Irish Rep makes new sense out of George Bernard Shaw - review of “Man and Superman”
Cahir O'Doherty reviews Irish Rep's 'Man and Superman'
Among his contemporaries, Irish playwright George Bernard Shaw was arguably the most ardent admirer of his own talent.
There’s no question that he could turn a phrase or craft a dramatic scene, but his horror of any kind of censorship carried over into his creative life with decidedly mixed results.
Man and Superman, written by Shaw in 1903 and sadly showing its age now, is currently playing in a sumptuous production at the Irish Repertory Theatre in New York.
Originally a four-act drama, director David Staller has adapted this tsunami of words into two manageable acts featuring three long scenes apiece.
In itself this is an accomplishment to marvel at -- lesser talents would have been cowed by this epic task. I freely admit the only use I can myself identify for this bombastic, seemingly endless script is that it might make for a handy doorstop.
There is much to admire in the current production at the Rep. Shaw apparently began the play in part to contemplate but more often refute philosopher Friedrich Nietzsche’s at the time increasingly popular proto-Nazi theories of race and destiny, which is certainly a commendable impulse, and a mark of his sanity, but then Shaw’s habitual garrulousness keeps pulling the play in other less interesting directions.
It’s a dense stew, Man and Superman, pursuing its own fancies with an admirable indifference to the demands of structure, narrative, coherence or indeed entertainment. Only a writer with an enviable awareness of his own theatrical mastery would have allowed himself the latitude that Shaw does here.
Along the way Shaw includes a lot of embarrassing psychosexual babble about men being spiritual creators versus women being biological creators, which in the vernacular means men make stuff and women give birth to stuff.
Boys say blee and girls say blah, I suppose, and from these insights great and penetrating truths about the nature of existence are revealed.
The playwright is determined to contemplate the function of women in society, and he seems to conclude that they ultimately represent a “life force” that seeks to conquer men. Or at least, so it seemed to me at the production I attended.
The marvelous thing about a Shaw play is that it prefers to do all the thinking for you, helpfully including its own footnotes, prelude and afterword. In fact, you might not even take the trouble to attend, enough to know that it has been written.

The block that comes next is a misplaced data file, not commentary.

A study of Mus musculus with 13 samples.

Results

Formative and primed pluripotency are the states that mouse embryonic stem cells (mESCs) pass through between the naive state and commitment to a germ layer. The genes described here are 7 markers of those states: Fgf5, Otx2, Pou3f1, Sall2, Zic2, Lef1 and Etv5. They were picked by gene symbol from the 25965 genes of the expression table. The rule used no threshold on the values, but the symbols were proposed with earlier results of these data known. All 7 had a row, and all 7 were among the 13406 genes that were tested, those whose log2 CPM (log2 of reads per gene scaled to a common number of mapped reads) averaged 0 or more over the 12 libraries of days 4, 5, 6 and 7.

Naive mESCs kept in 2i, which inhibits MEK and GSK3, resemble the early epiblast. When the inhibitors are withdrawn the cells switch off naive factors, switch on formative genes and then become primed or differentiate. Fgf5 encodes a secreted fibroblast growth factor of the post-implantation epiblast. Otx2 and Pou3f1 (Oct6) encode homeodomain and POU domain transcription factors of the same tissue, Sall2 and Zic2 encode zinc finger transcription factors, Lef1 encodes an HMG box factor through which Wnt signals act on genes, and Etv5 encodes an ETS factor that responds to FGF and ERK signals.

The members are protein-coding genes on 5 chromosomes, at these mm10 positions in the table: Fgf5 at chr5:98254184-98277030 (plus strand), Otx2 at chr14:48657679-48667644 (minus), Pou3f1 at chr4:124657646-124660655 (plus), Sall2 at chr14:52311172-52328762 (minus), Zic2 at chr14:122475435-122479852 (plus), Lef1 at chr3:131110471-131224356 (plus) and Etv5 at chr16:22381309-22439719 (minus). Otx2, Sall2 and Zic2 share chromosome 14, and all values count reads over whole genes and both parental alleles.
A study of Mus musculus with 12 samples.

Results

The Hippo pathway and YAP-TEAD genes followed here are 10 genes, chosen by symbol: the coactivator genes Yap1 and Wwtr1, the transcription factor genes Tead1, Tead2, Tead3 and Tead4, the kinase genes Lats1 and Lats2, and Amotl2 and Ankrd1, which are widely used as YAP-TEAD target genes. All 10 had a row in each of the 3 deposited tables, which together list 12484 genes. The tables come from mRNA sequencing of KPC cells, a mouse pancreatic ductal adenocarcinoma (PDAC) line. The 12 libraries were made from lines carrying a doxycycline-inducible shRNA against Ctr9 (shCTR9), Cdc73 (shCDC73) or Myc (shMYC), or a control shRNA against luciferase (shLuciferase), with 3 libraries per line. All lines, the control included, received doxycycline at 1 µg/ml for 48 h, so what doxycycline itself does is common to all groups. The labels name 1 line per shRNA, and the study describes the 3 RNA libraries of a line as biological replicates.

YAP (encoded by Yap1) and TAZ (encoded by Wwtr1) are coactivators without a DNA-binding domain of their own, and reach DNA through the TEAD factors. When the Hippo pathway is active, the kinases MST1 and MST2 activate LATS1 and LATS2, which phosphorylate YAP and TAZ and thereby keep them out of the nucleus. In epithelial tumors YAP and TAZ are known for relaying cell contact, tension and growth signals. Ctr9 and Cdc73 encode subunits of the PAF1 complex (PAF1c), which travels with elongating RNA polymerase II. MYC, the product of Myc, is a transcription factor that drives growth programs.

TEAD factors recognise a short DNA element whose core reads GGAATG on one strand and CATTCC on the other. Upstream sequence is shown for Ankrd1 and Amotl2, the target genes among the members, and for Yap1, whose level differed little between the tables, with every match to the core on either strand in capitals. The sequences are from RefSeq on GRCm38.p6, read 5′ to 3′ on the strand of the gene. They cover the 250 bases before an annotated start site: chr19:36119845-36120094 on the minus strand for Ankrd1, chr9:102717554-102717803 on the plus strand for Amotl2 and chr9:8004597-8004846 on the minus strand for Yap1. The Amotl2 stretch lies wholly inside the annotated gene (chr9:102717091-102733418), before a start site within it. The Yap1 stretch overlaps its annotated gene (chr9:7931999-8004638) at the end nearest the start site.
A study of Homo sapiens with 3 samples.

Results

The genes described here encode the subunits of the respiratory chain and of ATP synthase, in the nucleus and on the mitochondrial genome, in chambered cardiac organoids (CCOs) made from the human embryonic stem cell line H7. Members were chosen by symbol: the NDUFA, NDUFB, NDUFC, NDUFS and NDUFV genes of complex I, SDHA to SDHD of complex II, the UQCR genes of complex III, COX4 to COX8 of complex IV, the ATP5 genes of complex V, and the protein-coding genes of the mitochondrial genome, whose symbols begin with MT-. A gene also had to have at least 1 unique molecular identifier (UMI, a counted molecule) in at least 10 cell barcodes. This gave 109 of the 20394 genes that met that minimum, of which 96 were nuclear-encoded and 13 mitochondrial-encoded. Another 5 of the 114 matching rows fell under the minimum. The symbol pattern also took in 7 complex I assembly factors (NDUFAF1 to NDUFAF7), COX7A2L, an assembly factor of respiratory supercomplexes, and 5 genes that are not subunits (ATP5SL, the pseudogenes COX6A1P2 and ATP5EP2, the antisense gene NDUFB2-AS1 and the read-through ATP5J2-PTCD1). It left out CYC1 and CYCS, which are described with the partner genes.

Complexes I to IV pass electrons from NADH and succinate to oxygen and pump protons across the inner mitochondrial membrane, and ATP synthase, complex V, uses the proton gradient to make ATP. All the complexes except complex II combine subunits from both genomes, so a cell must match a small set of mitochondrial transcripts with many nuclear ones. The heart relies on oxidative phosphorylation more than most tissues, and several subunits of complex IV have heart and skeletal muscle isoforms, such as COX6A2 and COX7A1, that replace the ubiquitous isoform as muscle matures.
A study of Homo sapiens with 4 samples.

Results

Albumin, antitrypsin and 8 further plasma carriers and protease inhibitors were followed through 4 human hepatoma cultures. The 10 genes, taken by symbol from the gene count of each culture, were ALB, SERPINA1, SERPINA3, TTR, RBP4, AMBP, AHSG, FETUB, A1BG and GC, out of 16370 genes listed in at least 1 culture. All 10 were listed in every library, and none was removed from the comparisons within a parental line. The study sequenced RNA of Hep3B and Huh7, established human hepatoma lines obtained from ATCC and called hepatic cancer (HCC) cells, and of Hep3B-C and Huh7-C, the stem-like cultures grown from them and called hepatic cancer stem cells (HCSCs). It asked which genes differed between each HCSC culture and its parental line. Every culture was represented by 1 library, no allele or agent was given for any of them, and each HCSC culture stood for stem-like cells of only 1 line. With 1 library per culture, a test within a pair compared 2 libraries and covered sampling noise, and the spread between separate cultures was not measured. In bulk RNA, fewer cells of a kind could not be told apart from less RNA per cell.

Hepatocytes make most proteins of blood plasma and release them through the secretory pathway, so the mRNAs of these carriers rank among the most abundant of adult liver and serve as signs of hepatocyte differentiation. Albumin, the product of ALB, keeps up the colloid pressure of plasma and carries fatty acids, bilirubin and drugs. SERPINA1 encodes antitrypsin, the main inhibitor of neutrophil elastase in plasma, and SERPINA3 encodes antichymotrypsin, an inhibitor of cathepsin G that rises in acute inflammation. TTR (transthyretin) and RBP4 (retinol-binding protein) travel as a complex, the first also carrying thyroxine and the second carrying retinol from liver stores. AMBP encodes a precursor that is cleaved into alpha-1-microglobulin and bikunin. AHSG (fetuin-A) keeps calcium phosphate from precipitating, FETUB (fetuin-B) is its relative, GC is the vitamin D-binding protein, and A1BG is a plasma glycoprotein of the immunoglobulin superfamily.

As Jack Tanner, the young man in full flight from the imprisoning humbug of Edwardian society, actor Max Gordon Moore gives a spirited performance in a production that at times creaks under the weight of its own brilliance.
As his female foil and conqueror Ann, Janie Brookshire has her work cut out playing at various moments a mantrap, a ward, an heiress, a coquette, and all the other limited and prescribed roles a handsome woman of means was allowed to play in the era the play was written.
Along the way we visit hell -- because why not? -- and the visit affords Shaw a philosophical debate with the Devil and an opportunity to contemplate issues like morality, sin, redemption and on and on.
The visit to the underworld inspires the playwright to new heights of brilliance and so he crafts some terrific maxims, which the delighted actors feed us in tableau after tableau.
Somewhere toward the end of act one it seemed to me that a portal of eternity had opened, around the time that Jack was making plans to escape the yawning maw of his female suitor with the help of a steam or perhaps gas powered motorcar.
At about this point Jack tells his pal Octavius (the winsome Will Bradley) who is in love with Ann to flee her machinations before it’s too late.
“You think that you are Ann’s suitor; that you are the pursuer and she the pursued; that it is your part to woo, to persuade, to prevail, to overcome. Fool: it is you who are the pursued, the marked down quarry, the destined prey. You need not sit looking longingly at the bait through the wires of the trap: the door is open, and will remain so until it shuts behind you forever,” says Jack.
This is all a bit overwrought, I thought. What did Jack (and Shaw) expect would happen?
Lamenting the loss of youth and vigor and independence and self-determination to a marriage is an age-old concern. But in Man and Superman he has Jack fear it like annihilation.
If that’s the sort of anxiety that keeps you awake at night you’ll find much to admire in the Rep’s current production.
The Irish Repertory Theatre is located at 132 West 22nd Street. For tickets and showtimes visit www.irishrep.org., or call 212-727-2737.